Provinces chip away at seniors’ health benefits

Senior Couple At Home With Bills Worried About Home Finances

If you are budgeting for retirement and you haven’t included a line item for escalating medical costs and long term care you could be in for a shock. Recent budgets in Alberta and Saskatchewan and a trial balloon floated by the New Brunswick government suggest that the writing is on the wall.

Sooner or later seniors could be paying more for health and end of life care. And there will continue to be a significant variance between the costs transferred to seniors across the country.

Here are some of the more recent developments that we are aware of:

Alberta

Premier Jim Prentice called an election for May 5th. But the province’s March 25th budget will surely be passed if the Conservative party is returned to power. The budget imposed a new Health Care Contribution Levy based payable through the income tax system that will cost each Albertans up to $1,000 per year.

Unlike the previous Alberta Health Care Insurance Plan premium eliminated after 2008 that was a flat fee for individuals, the levy has a progressive structure (See Table 1 below).  In addition, each member of a family filing an income tax return who has income over $50,000 will be subject to the levy and seniors are not exempt. This amounts to a new unprecedented tax payable by seniors in Alberta.

Taxable Income Annual Health Care Contribution Levy Payable
From To
$0 $50,000 No Health Care Contribution Levy
$50,000 $70,000 (Taxable Income – $50,000) x 5% to a maximum of $200
$70,000 $90,000 $200 + (Taxable Income – $70,000) x 5% to a maximum of $400
$90,000 $110,000 $400 + (Taxable Income – $90,000) x 15% to a maximum of $600
$110,000 $130,000 $600 + (Taxable Income – $110,000) x 15% to a maximum of $800

SOURCE: 2015 Alberta Budget

Saskatchewan

The 2015 Saskatchewan Budget lowers the income threshold above which individuals are not permitted to participate in the Seniors Drug Plan. While the current cap is $80,255, it will be lowered to $65,515 effective July 2015.

CBC news reports that lowering the income threshold will save the province $3M and disqualify 6,000 seniors formerly entitled to discounted prescriptions. People eligible for the drug plan pay a maximum of $20 per prescription for drugs listed on the provincial formulary.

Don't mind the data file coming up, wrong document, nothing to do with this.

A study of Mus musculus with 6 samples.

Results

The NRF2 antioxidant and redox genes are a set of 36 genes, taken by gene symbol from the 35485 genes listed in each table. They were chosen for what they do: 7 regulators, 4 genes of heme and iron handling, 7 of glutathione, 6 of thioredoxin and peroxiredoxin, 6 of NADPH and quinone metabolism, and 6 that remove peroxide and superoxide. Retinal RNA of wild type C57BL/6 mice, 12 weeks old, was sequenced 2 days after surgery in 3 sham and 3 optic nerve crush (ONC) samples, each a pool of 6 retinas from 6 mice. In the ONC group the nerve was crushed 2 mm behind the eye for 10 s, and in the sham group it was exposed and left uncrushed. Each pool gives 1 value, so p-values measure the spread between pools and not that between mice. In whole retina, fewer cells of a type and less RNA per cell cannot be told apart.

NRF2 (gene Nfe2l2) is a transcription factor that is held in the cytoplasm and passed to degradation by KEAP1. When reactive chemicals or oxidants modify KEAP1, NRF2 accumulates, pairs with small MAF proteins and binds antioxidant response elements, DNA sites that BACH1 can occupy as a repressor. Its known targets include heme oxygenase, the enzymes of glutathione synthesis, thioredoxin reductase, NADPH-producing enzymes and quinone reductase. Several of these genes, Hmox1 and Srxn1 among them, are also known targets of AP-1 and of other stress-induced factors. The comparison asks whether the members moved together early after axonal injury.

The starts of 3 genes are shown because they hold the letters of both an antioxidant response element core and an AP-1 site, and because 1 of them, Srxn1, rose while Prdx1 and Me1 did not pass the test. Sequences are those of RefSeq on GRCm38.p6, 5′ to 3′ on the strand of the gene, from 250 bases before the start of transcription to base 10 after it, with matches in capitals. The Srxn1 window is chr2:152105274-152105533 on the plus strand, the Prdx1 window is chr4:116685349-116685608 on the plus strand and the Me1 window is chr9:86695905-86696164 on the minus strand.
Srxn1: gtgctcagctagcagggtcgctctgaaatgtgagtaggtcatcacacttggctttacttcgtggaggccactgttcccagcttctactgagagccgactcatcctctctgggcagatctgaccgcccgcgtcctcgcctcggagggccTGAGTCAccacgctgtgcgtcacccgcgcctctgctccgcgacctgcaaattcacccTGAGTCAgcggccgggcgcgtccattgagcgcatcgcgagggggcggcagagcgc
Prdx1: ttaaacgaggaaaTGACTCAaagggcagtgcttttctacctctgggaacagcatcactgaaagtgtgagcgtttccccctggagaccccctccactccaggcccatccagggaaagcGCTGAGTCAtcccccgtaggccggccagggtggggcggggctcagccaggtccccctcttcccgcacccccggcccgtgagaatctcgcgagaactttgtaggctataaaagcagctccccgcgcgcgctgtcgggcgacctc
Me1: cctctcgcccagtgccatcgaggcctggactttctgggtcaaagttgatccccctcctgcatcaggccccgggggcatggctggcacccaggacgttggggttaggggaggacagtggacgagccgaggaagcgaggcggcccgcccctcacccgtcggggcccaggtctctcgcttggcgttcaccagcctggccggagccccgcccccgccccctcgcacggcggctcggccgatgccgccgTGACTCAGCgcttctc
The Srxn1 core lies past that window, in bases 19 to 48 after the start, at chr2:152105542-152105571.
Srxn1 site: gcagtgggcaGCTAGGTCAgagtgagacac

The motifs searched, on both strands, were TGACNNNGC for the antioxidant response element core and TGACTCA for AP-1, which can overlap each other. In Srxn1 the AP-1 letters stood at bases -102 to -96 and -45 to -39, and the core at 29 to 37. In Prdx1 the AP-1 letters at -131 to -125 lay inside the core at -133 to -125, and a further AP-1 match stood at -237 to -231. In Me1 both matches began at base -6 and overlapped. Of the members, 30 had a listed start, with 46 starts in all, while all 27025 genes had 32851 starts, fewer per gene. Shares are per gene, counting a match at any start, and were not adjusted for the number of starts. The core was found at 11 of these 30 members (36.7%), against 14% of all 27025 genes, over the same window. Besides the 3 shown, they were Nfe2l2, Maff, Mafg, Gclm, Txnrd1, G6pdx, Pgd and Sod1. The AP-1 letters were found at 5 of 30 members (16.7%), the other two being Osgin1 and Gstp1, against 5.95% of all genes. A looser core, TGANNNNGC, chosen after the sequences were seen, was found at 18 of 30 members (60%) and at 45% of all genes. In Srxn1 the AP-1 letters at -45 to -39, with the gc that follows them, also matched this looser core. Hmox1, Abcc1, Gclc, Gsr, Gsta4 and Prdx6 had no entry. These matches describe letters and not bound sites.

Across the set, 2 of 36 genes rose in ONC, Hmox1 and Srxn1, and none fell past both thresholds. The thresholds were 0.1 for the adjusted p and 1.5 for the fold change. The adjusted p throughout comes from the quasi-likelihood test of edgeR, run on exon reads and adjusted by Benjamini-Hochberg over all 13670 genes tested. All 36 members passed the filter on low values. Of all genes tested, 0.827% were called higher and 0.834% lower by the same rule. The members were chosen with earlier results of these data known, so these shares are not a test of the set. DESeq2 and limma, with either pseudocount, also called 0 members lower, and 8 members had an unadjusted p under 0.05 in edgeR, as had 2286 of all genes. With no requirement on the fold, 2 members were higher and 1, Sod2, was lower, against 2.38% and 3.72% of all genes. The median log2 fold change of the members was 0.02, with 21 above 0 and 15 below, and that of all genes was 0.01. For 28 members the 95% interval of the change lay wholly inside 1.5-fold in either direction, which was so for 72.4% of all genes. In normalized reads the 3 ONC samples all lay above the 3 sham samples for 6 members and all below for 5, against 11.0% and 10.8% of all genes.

New Brunswick

CARP reports based on a Tuesday March 24th discussion in the New Brunswick legislature during question period that it seems the government is floating a trial balloon on the introduction of “means testing” as opposed to “income testing” for seniors who need nursing home care.

A means test is a determination of whether an individual or family is eligible for government assistance based upon whether the individual or family possesses to means to do so without help.

The catch is that means testing takes both income AND assets into account, including the family home in its value which could mean seniors will have to mortgage or sell their home if one partner needs financial help for nursing home care.   Conversely, income testing only takes into account the individual or family’s income – using all streams of available income but leaving assets like the main family home in place.

Means testing is one of the major factors that results in differences in long term care service access from province to province. In addition, there are numerous other provincial differences in the way provincial long-term care has evolved, including different service amounts, types, and eligibility criteria. Differences in eligibility criteria and means testing may result in Canadians being denied services, or denied funding for services, in one part of the country that they would be able to obtain in another.

Those who support means testing will say that it is a mechanism for allocating scarce healthcare resources and stretching healthcare dollars. Each province must determine how to best serve its population with the resources it has at its disposal. One of the major difficulties is that when different criteria are applied in each jurisdiction, inequality of access can result.